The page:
Jay-Z's upcoming Magna Carta Holy Grail album will not be the first album to sell one million copies before its release according to Billboard magazine's editorial director, Bill Werde.

During Game 5 of the NBA Finals on June 16 Jay-Z revealed that he'd partnered with Samsung to release his next project in a three-minute commercial. We saw him philosophizing about life and pontificating about technology in the company of the album's super-producer Dream Team of Rick Rubin, Pharrell Williams, Timbaland, and Swizz Beats.

In a seemingly unprecedented move Magna Carta Holy Grail will be available for free download on July 4, 12:01 a.m. EST, to the first one million Samsung Galaxy S III, Galaxy S 4 and Galaxy Note II users. In order to unlock the album fans will use a free Jay-Z-branded Magna Carta app. Those one million download copies are "free" to Samsung users but the Wall Street Journal reports that Samsung "bought" each digital copy at $5 a pop which is why Jay made the case that the album's sales should count on BillBoard's charts.

editorial letter

. . . Our role as the chart of record is to set the rules, and hopefully even raise the level of play. It is in this spirit that I say it wasn't as simple as you might think to turn down Jay-Z when he requested that we count the million albums that Samsung "bought" as part of a much larger brand partnership, to give away to Samsung customers. True, nothing was actually for sale -- Samsung users will download a Jay-branded app for free and get the album for free a few days later after engaging with some Jay-Z content. The passionate and articulate argument by Jay's team that something was for sale and Samsung bought it also doesn't mesh with precedent.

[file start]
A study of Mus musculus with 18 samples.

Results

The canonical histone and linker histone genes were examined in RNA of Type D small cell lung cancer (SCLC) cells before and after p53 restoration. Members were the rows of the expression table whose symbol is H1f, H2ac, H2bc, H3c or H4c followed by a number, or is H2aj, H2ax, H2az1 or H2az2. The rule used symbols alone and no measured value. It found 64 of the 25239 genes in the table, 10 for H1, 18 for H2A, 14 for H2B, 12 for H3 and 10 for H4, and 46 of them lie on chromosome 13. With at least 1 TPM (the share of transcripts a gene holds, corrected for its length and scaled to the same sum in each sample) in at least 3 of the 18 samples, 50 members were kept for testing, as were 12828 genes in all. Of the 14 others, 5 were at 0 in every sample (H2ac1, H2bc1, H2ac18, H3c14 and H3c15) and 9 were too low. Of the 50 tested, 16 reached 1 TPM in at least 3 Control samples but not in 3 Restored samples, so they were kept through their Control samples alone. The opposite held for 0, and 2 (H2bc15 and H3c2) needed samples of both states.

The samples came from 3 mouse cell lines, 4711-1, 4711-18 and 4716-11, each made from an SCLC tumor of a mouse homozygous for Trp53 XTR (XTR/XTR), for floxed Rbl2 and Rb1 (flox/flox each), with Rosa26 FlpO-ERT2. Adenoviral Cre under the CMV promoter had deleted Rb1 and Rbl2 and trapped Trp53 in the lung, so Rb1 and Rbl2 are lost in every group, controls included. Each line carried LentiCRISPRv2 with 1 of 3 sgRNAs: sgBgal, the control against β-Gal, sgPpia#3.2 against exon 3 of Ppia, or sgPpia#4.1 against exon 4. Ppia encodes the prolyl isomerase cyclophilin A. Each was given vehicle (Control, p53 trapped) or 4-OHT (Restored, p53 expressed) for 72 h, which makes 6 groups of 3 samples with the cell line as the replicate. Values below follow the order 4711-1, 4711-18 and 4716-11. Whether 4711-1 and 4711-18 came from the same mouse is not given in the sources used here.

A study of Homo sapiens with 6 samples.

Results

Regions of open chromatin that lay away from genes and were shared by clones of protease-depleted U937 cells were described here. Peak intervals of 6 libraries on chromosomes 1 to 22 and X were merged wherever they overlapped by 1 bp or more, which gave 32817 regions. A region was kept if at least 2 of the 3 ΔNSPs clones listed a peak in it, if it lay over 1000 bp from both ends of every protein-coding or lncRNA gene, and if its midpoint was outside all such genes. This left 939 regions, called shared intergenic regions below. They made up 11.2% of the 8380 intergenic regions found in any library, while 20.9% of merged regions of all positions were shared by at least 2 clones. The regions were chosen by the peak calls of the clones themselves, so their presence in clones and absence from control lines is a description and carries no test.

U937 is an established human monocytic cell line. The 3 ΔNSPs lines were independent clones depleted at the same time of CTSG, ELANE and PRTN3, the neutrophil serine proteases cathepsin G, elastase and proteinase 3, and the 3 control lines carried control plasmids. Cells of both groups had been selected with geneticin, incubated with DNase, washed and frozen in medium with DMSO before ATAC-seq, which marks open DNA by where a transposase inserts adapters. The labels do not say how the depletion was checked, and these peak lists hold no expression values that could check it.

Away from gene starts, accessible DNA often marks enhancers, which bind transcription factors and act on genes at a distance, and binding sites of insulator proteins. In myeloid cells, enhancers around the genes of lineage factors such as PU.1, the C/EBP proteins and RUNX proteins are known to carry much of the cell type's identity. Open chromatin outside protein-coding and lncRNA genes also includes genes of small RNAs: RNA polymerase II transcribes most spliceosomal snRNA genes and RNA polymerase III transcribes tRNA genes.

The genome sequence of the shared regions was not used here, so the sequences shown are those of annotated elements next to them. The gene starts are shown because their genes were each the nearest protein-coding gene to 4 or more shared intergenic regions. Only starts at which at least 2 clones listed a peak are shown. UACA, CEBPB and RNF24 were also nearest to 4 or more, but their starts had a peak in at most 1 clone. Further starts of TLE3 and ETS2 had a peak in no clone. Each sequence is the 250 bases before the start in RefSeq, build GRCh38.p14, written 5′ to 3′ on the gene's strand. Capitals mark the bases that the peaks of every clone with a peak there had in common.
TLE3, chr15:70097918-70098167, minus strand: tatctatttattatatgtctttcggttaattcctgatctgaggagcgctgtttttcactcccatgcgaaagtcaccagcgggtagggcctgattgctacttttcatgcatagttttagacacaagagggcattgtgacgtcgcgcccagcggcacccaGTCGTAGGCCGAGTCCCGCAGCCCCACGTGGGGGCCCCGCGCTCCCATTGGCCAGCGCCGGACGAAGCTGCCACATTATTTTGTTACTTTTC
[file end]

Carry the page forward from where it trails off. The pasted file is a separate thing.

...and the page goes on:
Retailers doing one-way deals is a fact of life in the music business. When Best Buy committed to and paid upfront for 600,000 copies of Guns N' Roses' "Chinese Democracy" in 2008, those albums didn't count as sales -- not until music fans actually bought them. Had Jay-Z and Samsung charged $3.49 -- our minimum pricing threshold for a new release to count on our charts -- for either the app or the album, the U.S. sales would have registered. And ultimately, that's the rub: The ever-visionary Jay-Z pulled the nifty coup of getting paid as if he had a platinum album before one fan bought a single copy. (He may have done even better than that -- artists generally get paid a royalty percentage of wholesale. If Jay keeps every penny of Samsung's $5 purchase price, he'd be more than doubling the typical superstar rate.) But in the context of this promotion, nothing is actually for sale.

In a nut shell: "nice try, Hov." How will Jay react to this news? Well he's apparently reached his allotment of tweets for 2013 but we're sure he'll address it a song or a freestyle soon enough and whether Billboard counts the albums Samsung "bought" or not it all still adds up to more publicity for Magna Carta . . . Even when Jay loses he's still winning.